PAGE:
Most fairy tales have a dark side and yet there’s something particularly unsettling about Kenneth MacMillan’s fairy tale for grown ups, The Prince of the Pagodas. While it employs many of the standard themes of the fairy tale ballet, familial dysfunction and alarming transformation, the choreography is full of sinister angles and the music, by Benjamin Britten, has the capacity to unnerve.
When the ageing ruler unwisely gives the majority of his kingdom to his virtuous daughter Rose, his elder daughter Épine responds by turning Rose’s Prince into a salamander and seizing the crown for herself. In the ensuing power struggle four Kings try to win whichever Princess they believe will take power, while Rose must learn to love the writhing salamander before regaining her crown.
Although Britten originally composed the music in the 1950s for John Cranko, this version was choreographed by Kenneth Macmillan in 1989, a production in which Darcey Bussell made her debut in a principal role. For the audience, the production’s aesthetic requires some mental adjustment as the set consists of ‘cardboard’ fantasy castles which are deliberately rickety and collapse at climatic moments. The corps de ballet consists of baboons dressed in courtly outfits, who move about the stage in a series of crouching leaps, their arms swinging.
These elements although initially disconcerting are also responsible for making the ballet such a memorable experience. As the four suitors dance, their nervousness reflects the fact that the onlooking baboons are almost baying for blood. The corps de ballet’s first large dance in the final scene could pass for a show-piece number, and yet its inherent humour is tempered with an ironic, satirical edge.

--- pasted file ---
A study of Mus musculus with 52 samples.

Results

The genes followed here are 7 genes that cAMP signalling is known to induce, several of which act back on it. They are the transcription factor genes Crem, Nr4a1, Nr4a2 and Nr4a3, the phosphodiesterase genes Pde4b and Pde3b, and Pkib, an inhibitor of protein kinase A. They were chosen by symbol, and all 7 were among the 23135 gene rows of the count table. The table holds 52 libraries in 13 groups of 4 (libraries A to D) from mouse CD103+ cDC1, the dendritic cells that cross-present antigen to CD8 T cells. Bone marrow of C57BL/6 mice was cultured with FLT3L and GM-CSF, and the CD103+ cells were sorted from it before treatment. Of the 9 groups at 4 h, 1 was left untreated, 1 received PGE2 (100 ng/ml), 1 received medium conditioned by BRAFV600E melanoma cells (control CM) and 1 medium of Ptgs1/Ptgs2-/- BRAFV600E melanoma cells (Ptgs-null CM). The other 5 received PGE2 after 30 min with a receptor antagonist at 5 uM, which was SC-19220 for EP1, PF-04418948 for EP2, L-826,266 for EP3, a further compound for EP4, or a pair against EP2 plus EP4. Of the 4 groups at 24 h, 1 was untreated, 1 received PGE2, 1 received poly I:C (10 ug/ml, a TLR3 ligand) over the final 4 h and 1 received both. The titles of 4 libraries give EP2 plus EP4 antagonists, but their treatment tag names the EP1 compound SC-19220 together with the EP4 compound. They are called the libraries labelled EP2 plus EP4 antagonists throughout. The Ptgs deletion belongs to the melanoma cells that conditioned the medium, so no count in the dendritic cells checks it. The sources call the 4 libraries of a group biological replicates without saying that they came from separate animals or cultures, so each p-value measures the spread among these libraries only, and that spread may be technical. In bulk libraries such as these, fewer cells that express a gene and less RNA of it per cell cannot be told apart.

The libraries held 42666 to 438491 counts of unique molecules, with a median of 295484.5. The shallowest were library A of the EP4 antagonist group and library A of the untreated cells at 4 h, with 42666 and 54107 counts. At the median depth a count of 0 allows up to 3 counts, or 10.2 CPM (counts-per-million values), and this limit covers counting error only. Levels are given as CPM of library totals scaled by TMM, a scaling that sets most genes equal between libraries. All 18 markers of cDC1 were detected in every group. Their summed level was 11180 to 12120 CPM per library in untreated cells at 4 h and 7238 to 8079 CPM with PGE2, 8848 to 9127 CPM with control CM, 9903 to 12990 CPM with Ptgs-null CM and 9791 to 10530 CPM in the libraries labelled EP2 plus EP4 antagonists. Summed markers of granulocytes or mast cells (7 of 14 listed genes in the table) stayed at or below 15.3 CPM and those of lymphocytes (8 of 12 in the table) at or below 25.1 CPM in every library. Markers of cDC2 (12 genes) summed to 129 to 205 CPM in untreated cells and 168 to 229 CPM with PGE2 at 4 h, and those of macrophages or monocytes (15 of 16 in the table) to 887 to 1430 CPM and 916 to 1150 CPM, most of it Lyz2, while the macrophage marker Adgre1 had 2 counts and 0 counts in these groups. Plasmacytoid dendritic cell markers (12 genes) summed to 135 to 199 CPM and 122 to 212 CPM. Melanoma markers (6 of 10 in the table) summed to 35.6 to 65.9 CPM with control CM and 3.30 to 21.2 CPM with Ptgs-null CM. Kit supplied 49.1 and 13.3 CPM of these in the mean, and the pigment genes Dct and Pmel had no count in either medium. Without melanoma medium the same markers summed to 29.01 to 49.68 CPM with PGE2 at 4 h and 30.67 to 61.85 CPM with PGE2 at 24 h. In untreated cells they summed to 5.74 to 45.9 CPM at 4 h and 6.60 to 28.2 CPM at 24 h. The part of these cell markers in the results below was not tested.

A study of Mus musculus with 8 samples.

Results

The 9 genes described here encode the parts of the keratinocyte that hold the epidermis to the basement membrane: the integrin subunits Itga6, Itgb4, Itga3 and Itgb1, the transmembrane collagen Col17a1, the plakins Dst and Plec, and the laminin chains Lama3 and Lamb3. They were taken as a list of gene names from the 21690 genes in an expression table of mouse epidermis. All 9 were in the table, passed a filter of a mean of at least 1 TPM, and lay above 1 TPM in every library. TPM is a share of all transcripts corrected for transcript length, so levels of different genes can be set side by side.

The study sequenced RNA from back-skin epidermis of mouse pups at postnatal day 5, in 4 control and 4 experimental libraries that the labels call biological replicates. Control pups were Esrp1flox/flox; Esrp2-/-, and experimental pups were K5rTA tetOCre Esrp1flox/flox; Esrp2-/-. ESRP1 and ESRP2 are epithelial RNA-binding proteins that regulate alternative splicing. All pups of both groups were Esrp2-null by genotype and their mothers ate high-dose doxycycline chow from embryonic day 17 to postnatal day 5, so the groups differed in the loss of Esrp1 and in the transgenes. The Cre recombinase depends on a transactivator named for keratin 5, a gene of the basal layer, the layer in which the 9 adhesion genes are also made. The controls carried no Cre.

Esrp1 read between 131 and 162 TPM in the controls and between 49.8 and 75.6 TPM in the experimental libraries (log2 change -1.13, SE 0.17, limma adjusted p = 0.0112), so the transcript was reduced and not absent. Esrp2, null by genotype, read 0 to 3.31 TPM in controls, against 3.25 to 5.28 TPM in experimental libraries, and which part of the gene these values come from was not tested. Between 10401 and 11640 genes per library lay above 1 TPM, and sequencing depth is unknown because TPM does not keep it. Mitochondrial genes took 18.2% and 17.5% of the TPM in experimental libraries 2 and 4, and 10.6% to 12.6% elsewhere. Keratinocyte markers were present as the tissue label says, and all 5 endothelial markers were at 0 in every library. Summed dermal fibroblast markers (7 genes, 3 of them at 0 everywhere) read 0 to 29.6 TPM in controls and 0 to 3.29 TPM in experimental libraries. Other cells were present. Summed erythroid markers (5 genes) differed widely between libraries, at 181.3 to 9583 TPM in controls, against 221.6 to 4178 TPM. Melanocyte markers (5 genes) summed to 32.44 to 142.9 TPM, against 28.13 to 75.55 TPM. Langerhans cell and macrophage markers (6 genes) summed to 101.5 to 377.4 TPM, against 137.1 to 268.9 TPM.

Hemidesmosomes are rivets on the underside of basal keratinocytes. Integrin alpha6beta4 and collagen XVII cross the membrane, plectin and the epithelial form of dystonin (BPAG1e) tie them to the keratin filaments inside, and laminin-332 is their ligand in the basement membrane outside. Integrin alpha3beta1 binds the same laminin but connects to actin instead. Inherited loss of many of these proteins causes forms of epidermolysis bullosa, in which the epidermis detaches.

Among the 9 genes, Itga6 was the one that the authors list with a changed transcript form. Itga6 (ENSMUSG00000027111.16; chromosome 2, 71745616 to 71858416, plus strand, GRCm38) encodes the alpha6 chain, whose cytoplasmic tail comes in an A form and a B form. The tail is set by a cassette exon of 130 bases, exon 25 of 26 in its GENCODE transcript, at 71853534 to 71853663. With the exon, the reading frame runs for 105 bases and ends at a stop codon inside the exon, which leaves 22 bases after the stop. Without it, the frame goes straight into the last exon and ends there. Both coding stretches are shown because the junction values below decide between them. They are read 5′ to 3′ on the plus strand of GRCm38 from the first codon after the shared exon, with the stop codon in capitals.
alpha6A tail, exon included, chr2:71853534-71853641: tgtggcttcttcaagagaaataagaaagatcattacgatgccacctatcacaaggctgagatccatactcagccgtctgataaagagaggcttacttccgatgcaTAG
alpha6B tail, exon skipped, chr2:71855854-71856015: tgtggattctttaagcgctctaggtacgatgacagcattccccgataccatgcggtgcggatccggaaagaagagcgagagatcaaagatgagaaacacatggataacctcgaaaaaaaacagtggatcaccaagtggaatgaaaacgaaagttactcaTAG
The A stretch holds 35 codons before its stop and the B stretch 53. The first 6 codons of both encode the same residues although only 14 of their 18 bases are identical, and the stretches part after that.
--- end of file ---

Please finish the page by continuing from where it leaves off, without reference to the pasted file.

As Princess Rose, Marianela Nuñez’s elegance and expression belie the magnitude of the space she passes through, and the extent to which her entire body has to be given over to such movements. As her Prince, Nehemiah Kish shares in her joy and meticulous approach during their pas de deux, while also conveying both physical and emotional pain as the writhing salamander. Tamara Rojo, as Princess Épine, revels in the role, bringing a spiky insouciance to her superlative classical technique, while Alexander Campbell excels as the Fool with his asymmetrical spinning. Although the doddery ruler is predominantly a character role, Alastair Marriott puts a lifetime of experience into executing the part, while Steven McRae’s foppish King of the West stands out among the quartet of suitors: the Kings of North, South, East and West.
The ballet itself is a strong, distinctive piece. Between Britten’s score of sliding strings and xylophones and MacMillan’s choreography with its specific steps that, although executed with classical finesse, might almost pass for Lindy Hop or Flamenco, it leaves a considerable impression.
Casts vary over the run. For further details visit the Royal Opera House website.